Dr. Jacob Jones, Distinguished Professor of Materials Science and Engineering and University Faculty Scholar at North Carolina State University, is the thirty-sixth recipient of the R.J. Reynolds Tobacco Company Award for Excellence in Teaching, Research and Extension. Jones gave his award lecture titled, “Embracing Convergence Research: The Journey from Ferroelectric Materials to Nanotechnology, Bayesian Statistics, and Water-Food Systems” through a virtual presentation on Monday, Nov. 9.
The R.J. Reynolds Tobacco Company Award for Excellence in Teaching, Research and Extension was established in 1981. It honors a College of Engineering faculty member who has demonstrated superiority in several areas of activity that relate to the NC State’s three-fold mission of teaching, research and extension. The annual award is supported by the R.J. Reynolds Tobacco Company through the NC State Engineering Foundation to recognize scientific and educational achievements in fields of engineering. The recipient is given a $25,000 prize distributed over five years.
Jones is a leading researcher in the areas of oxide materials and materials characterization and a passionate, dedicated educator. He plays a key leadership role both at NC State and the larger Research Triangle area of North Carolina in furthering research and education in analytical and materials characterization, nanotechnology and STEM education.
Since 2014, he has served as director of NC State’s Analytical Instrumentation Facility (AIF), which is the largest shared core facility at the University and offers students, faculty members and external clients access to state-of-the-art analytical and materials characterization instrumentation. Since 2015, he has served as principal investigator (PI) and director of the Research Triangle Nanotechnology Network, a multi-institutional site within the National Nanotechnology Coordinated Infrastructure that is furthering access to research facilities and education on nanotechnology.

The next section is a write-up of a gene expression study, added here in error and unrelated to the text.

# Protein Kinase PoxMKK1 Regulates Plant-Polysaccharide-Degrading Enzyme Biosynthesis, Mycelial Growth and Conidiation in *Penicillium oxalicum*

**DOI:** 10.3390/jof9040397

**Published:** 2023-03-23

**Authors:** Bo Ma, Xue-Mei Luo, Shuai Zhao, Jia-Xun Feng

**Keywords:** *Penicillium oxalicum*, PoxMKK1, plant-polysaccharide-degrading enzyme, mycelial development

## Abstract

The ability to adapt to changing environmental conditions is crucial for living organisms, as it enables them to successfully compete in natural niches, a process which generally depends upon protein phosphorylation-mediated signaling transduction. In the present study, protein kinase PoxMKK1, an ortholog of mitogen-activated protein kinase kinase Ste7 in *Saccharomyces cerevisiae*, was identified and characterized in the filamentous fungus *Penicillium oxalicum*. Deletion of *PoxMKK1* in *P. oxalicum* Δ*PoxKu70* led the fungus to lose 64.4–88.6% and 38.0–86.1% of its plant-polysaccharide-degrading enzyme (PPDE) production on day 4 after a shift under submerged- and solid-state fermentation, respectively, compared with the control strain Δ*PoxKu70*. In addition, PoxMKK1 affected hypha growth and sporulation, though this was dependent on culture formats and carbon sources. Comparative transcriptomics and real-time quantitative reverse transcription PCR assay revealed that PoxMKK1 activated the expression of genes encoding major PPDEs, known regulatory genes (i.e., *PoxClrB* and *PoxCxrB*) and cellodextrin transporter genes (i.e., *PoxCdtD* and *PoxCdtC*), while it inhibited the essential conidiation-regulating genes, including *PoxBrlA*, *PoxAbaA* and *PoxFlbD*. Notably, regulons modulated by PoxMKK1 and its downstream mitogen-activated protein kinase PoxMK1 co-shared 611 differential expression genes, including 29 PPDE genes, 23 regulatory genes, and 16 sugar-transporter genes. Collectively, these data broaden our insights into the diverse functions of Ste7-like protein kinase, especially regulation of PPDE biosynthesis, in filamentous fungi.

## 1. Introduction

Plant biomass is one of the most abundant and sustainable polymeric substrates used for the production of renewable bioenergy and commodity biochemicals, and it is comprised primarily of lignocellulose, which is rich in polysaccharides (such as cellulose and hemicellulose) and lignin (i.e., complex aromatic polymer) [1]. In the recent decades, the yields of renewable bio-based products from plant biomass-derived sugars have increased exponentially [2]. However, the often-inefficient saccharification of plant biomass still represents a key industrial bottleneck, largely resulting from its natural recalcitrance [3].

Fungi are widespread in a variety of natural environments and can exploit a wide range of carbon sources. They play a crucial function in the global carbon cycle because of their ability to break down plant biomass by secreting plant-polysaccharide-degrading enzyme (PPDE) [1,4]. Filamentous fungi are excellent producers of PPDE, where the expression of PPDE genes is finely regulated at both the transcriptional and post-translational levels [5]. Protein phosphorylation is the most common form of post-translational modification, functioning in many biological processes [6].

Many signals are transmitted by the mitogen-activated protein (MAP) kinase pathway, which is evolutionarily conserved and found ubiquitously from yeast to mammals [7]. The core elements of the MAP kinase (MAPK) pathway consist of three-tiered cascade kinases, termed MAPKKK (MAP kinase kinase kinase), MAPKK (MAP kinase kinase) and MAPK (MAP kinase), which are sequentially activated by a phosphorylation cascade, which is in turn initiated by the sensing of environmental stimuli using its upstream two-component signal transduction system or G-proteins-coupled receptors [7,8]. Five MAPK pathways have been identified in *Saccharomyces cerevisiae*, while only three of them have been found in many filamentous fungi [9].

Jones is known for promoting international science and engineering initiatives. He has been PI on three National Science Foundation awards to provide international research experiences to U.S. students at foreign research laboratories. Using these programs, Jones has enabled more than 50 U.S. students to obtain international research experiences overseas and has hosted a multitude of foreign students at U.S. institutions. Since 2012, he has been a Senior Visiting Fellow in the School of Materials Science and Engineering at the University of New South Wales.
Jones participates and leads many interdisciplinary teams and projects on topics including nanotechnology, crystallography, functional materials in environmental applications, water sustainability and healthcare. Many of these interdisciplinary collaborations utilize the suite of analytical tools and in situ capabilities available within the AIF.
He is a Fellow of the IEEE Society and the American Ceramic Society and has received numerous awards for his research and education activities, including an NSF CAREER award, a Presidential Early Career Award for Scientists and Engineers (PECASE) and the IEEE Ferroelectrics Young Investigator Award.